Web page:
Our changing perceptions of space and time

Enlighten • Pulse #6 • 4 min
By Adeline Tissier By Nathalie Ortar Anthropologist and ethnologist

Have attitudes to mobility changed since the outbreak of the pandemic? Will there be a lasting impact on the relationship between home, work and travel? To find out the answers to these questions and more, Pulse spoke to Nathalie Ortar, a senior researcher in social anthropology with the Transport, Urban Planning and Economics Laboratory (LAET).


5 min
Interview

Nathalie Ortar, social anthropologist and the senior researcher at the ENTPE engineering school’s Transport, Urban Planning and Economics Laboratory (LAET) in Lyon

How were people affected by the restrictions on movement imposed during lockdown?

People reacted very differently to lockdown depending on their personal situation – for example whether they live alone or with others – their work situation – for example whether they have a stable job or not – and their living conditions such as home size and availability of creature comforts. The pandemic exposed and exacerbated all sorts of inequalities.
And yet, people were most affected not by the restrictions on movement but by the lack of social interaction. For people who couldn’t work or were working from home, not being able to get around actually turned out to be a non-issue. Freed from their daily commute, which is often perceived as an additional burden and a waste of time, many people responded to the lack of mobility with a sigh of relief.

Has the whole Covid experience changed people’s mobility expectations?

I wouldn’t say it’s changed their expectations, but it has amplified a trend that was already under way. People are increasingly attracted to mobility solutions that are cleaner, quieter and more enjoyable. The pandemic revealed both the desire and the need to take more decisive action in this regard.
But let’s be clear. People are not rejecting mobility; they’re simply aspiring to a different kind of mobility. Minimising travel time is no longer the main priority. Today, people are willing to spend more time in transit provided they get something else out of their journey, whether that be additional comfort or peace of mind, a smoother journey, a nice view or just a heightened sense of well-being.

So, there’s been a change in people’s perception of both space and time?

Yes, a radical change. Restrictions on movement have altered the way people view their home and their workplace and, by extension, the way they see space and time. Space has been reduced and time extended.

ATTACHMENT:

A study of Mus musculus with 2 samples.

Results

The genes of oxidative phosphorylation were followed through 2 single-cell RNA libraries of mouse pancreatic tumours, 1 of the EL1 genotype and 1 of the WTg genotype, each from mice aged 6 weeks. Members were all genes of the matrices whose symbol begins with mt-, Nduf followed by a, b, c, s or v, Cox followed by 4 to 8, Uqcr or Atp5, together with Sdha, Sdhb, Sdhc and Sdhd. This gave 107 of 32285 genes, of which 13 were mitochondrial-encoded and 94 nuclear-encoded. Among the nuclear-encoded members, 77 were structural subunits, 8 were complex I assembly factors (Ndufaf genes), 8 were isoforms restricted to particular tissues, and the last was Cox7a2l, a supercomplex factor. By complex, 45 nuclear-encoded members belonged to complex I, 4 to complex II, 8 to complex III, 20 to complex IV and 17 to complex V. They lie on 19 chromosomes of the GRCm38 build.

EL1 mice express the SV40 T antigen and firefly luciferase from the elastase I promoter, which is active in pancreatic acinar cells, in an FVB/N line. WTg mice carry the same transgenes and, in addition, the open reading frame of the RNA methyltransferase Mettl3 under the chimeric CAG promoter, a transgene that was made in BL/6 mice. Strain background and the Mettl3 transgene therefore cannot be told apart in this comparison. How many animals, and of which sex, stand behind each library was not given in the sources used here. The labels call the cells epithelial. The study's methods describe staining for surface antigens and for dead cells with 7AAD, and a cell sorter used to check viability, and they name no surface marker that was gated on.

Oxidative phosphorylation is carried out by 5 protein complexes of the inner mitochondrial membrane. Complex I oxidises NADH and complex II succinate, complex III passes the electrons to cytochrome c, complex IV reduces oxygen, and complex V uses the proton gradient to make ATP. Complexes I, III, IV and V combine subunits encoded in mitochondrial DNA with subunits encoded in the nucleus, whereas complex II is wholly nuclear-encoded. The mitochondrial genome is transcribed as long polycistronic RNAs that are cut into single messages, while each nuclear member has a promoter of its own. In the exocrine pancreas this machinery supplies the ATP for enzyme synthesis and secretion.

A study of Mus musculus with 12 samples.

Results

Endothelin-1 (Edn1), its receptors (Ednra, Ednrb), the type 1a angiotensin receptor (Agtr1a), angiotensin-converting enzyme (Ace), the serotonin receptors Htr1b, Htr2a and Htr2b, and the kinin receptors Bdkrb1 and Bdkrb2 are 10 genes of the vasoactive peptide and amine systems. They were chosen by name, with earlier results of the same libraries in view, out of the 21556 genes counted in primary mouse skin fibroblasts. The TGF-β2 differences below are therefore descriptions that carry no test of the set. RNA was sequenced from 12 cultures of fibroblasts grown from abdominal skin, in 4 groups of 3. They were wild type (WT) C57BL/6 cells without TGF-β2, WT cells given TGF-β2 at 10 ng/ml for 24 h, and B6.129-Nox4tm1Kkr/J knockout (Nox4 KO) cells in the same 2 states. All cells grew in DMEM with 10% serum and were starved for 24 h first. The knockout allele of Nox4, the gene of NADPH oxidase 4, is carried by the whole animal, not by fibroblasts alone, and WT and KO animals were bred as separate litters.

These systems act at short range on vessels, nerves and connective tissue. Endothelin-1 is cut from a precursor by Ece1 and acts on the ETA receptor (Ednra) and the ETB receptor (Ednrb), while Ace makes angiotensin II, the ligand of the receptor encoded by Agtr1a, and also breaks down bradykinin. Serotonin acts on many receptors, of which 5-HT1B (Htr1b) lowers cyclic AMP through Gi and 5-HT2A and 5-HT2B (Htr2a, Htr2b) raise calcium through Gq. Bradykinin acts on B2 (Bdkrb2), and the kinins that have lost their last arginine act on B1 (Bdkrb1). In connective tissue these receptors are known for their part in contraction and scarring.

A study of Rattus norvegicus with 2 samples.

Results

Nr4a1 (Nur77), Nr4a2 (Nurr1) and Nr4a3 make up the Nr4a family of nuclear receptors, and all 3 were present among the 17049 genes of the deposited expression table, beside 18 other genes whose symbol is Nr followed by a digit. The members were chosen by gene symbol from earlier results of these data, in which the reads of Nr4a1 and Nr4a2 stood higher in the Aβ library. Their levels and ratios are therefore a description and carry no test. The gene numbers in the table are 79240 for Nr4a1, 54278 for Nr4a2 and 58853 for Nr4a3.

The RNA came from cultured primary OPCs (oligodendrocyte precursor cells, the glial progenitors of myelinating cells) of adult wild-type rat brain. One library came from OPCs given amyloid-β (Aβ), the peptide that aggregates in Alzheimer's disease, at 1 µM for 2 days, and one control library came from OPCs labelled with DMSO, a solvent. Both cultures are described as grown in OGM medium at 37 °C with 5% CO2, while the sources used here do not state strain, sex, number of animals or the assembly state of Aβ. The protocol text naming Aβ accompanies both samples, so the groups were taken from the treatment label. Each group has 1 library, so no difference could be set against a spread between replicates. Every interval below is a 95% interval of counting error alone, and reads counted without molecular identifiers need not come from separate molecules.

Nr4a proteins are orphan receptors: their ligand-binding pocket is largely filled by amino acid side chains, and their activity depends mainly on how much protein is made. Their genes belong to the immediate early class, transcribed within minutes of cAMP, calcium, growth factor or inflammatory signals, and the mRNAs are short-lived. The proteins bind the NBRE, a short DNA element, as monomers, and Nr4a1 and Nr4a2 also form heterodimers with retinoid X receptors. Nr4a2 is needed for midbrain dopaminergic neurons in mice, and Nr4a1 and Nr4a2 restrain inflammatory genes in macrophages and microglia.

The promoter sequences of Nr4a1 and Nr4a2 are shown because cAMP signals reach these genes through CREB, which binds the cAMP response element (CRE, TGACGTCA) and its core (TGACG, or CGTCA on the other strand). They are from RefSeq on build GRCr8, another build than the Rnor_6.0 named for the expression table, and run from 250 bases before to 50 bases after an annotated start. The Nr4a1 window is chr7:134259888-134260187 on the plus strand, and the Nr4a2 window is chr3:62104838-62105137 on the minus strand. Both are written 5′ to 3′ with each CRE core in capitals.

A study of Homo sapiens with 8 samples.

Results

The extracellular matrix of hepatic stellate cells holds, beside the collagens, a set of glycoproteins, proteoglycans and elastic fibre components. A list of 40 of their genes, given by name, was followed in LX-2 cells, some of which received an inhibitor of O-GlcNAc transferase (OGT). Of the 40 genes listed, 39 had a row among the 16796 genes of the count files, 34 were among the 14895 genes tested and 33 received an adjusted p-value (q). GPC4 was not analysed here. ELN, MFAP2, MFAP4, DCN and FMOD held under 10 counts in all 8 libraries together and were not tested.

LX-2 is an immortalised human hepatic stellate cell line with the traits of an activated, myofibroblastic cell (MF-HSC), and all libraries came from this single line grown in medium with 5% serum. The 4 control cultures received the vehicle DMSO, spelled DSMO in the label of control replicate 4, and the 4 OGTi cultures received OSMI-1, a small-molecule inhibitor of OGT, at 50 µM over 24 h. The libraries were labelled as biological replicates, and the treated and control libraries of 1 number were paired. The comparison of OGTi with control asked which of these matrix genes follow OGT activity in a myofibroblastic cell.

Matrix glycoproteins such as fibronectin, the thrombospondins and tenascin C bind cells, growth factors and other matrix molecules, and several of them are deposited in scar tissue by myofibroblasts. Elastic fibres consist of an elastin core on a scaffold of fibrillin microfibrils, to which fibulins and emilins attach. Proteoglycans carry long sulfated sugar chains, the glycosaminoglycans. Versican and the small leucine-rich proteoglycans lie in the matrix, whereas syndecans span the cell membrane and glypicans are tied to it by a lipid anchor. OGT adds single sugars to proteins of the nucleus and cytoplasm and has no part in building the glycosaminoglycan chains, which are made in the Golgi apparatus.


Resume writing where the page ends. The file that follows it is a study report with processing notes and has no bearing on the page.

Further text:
Obviously, things were very different for key workers – healthcare staff and people working in essential shops and services – because they still had to travel to and from work. Their concerns about the spread of the virus often centred around those journeys.

Does all this call into question the mobility model we know today?

People are now weighing up the necessity of each journey and are willing to travel less than before. So the model is certainly evolving. This is perfectly illustrated by the fact that part of the population has embraced a life without car – a concept that has become a viable possibility people are slowly coming to accept. But it can also be seen in the growing popularity of walking and bicycle. Associated with a negative social image for many years, bicycle has been particularly neglected by certain categories of the population, such as women, young people, manual labourers and the working classes. Today, its image is changing.
And the market is booming all over the world, including in France, the UK, Germany and the United States.

But it’s not only mobility that’s being called into question, is it?

No, certainly not. In the interviews I conducted during and after lockdown, it was clear that almost everyone was questioning the way we live today. People are searching for simplicity in all areas. Consumers are attracted to shorter supply chains, employees want more seamless work practices, and citizens are calling for reductions in energy use. We can therefore expect major organizational changes, in homes, businesses and cities.

What questions has the crisis raised for cities?

The pandemic has confirmed the viability of new work methods, forcing public authorities and businesses to rethink the balance between workplace and living space. I believe that the trend will ultimately be to bring them closer together, even if that takes years.
The current climate is also putting pressure on cities to speed up their transition to cleaner energy solutions, as citizens continue to express their environmental concerns in no uncertain terms. The apparent origin of the virus has also played a part. In fact, in this regard, the pandemic may well serve as a driving force for positive change.


Nathalie Ortar

Social anthropologist and the senior researcher at the ENTPE engineering school’s Transport, Urban Planning and Economics Laboratory (LAET) in Lyon. Her work focuses on the connections and relationships between families, lifestyles, and day‑to-day and professional mobility.